I am leading/giving a presentation next week at #Podstock15 called "Wearables-AKA who DOESNT want a light up tiara". I am basing it off an Arduino (https://www.arduino.cc/ ) type microcontroller called Gemma found at Adafruit. I wanted to learn about Arduino and how I could incorporate it into Physics classroom, in particular when we do circuits. After finding Gemma & Flora and NeoPixels at the Adafruit website, and looking through their TONS of projects and tutorials, I have some good ideas. They aren't just LED's , they are PROGRAMMABLE. Thanks to a large community, you don't HAVE to program from scratch, you can use an existing one.
So I had to finally start building stuff this week. I went through the Adafruit Learning System and found some projects that used Gemma & Neopixels and duplicated them. I only tweaked some of the code (number of pixels, colors produced, data pin). I did have to do some soldering (didn't burn myself once - though in the middle of the night or when I am at the gym my mind goes "did I unplug the soldering iron?")
You can also add sensors. One project uses a light sensor (between my fingers) to trigger the NeoPixels--covered means off, uncovered means on.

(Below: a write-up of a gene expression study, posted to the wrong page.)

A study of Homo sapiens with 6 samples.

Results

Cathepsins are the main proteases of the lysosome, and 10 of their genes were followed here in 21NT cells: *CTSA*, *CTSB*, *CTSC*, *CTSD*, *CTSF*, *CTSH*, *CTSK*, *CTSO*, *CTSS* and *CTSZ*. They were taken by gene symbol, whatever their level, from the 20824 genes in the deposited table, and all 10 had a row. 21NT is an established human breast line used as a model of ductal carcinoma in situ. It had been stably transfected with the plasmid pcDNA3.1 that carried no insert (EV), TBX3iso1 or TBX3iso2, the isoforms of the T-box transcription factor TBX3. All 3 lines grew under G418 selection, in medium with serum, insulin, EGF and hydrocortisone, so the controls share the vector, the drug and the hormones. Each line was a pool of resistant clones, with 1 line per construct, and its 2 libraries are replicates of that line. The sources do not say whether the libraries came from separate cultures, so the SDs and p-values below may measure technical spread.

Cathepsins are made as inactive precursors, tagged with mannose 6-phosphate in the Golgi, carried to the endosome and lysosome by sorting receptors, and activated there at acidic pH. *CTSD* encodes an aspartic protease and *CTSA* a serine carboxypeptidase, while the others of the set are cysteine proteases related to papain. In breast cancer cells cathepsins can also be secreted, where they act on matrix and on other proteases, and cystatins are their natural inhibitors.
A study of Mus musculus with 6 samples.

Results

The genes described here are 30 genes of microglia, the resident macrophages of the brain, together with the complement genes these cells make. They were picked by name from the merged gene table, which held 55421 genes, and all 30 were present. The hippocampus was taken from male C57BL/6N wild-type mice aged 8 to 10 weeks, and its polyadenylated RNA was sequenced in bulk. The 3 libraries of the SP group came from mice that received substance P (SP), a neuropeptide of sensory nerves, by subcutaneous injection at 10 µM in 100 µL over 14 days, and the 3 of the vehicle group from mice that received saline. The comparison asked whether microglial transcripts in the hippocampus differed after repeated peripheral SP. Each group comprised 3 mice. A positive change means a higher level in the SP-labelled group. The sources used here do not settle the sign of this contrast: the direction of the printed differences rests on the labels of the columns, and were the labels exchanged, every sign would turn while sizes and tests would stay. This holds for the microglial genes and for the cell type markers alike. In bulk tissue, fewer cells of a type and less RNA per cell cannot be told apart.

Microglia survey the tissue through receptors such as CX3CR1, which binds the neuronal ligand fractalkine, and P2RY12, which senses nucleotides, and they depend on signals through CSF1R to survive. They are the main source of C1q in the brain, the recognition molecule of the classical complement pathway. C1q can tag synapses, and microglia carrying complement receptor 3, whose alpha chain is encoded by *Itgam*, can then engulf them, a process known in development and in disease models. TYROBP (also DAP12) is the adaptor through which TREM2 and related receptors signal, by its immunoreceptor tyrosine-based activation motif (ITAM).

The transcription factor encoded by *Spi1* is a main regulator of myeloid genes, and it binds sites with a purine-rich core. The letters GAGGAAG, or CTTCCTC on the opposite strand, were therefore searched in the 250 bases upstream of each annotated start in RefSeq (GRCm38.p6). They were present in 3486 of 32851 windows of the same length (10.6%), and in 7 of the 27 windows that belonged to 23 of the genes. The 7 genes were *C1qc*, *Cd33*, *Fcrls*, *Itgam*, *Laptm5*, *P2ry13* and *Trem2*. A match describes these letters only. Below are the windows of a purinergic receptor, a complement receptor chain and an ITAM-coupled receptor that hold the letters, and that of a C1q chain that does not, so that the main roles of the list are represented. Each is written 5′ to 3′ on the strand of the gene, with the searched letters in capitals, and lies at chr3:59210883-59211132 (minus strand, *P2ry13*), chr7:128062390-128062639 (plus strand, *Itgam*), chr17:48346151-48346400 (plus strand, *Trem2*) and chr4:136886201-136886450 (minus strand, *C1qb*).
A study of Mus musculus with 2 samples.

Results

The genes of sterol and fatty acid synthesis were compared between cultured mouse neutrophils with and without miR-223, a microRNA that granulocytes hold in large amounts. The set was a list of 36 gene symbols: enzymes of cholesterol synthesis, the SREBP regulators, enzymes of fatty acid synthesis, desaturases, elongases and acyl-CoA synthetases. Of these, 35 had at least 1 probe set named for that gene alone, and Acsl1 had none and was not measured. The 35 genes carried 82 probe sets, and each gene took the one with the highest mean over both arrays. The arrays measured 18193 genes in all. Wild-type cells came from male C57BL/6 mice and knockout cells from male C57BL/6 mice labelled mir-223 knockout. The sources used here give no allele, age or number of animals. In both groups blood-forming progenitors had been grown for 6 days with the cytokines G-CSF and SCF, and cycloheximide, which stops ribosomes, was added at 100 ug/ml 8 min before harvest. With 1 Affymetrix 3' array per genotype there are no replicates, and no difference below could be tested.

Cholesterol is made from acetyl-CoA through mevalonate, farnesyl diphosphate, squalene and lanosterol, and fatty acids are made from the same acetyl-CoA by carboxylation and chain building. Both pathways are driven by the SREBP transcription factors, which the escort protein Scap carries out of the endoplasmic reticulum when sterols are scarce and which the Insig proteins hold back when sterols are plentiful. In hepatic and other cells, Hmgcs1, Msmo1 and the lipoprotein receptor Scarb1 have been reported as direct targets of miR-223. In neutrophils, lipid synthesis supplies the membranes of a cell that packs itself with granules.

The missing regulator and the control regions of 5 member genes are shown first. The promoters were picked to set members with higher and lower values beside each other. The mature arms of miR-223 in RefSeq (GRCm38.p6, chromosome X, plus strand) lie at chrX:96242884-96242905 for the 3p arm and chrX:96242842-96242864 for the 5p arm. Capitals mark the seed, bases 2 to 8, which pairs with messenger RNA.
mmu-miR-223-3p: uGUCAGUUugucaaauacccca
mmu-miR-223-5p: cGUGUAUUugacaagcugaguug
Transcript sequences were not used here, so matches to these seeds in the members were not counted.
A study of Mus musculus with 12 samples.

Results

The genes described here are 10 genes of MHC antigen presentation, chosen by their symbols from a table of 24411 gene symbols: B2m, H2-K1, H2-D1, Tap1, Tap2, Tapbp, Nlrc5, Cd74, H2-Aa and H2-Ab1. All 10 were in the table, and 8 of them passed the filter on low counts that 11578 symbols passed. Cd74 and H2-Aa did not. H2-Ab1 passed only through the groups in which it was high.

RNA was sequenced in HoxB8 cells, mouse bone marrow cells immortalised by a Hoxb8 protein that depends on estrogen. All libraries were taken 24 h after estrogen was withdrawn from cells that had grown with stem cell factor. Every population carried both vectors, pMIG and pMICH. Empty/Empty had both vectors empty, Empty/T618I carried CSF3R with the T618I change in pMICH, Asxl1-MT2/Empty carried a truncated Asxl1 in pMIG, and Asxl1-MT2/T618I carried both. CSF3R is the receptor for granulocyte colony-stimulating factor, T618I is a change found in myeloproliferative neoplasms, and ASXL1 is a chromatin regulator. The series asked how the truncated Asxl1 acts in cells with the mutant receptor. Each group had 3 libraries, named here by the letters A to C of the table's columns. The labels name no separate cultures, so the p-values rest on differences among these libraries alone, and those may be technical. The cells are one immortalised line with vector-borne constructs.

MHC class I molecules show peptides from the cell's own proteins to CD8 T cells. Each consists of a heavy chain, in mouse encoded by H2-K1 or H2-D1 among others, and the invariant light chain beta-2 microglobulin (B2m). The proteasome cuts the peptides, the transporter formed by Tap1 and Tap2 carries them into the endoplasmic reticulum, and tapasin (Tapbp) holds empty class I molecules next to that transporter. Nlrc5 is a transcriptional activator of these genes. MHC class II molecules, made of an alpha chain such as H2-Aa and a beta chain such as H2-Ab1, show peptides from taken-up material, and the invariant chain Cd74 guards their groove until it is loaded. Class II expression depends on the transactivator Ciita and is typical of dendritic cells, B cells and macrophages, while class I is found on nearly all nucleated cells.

Speaking of sensors, I wanted to make the NeoPixels change by reacting to sound. A microphone is the sensor. I had to use the Flora microcontroller (at least that is what the project called for - maybe it can be ported to the Gemma - or maybe it needs the more powerful Flora). (There is a similar project to this, "light up drums" ,that makes me want to build a volume meter for the band teacher using a strip of 30 LED's in order for the band to have a visual on how loud they should be playing)
I made a second Flora project that uses an accelerometer to make the NeoPixels change.
These components are TINY and battery operated. Hence "wearable". They are very easy to incorporate into clothes or school projects. Components, some wire, a little duct tape, or hot glue, or conductive thread is all you need.
I was hoping to use codebender to do the programming from chromebook via the cloud because in the Spring they said you could. I found out that I can program an Arduino this way. But I cannot program the Gemma this way. They are working on that compatibility/programming issue. For now you have to download the Arduino IDE and program from your computer.
I need to finalize some ideas for the presentation. After that, I need to look at adding the basics to our circuits unit, and see if students want to go beyond basics. I don't mean it to be a coding unit, but hopefully all will gain something from the exposure to code, and some will want to go beyond basics. There are tons of awesome projects and what teenager doesn't want to bling out their clothes.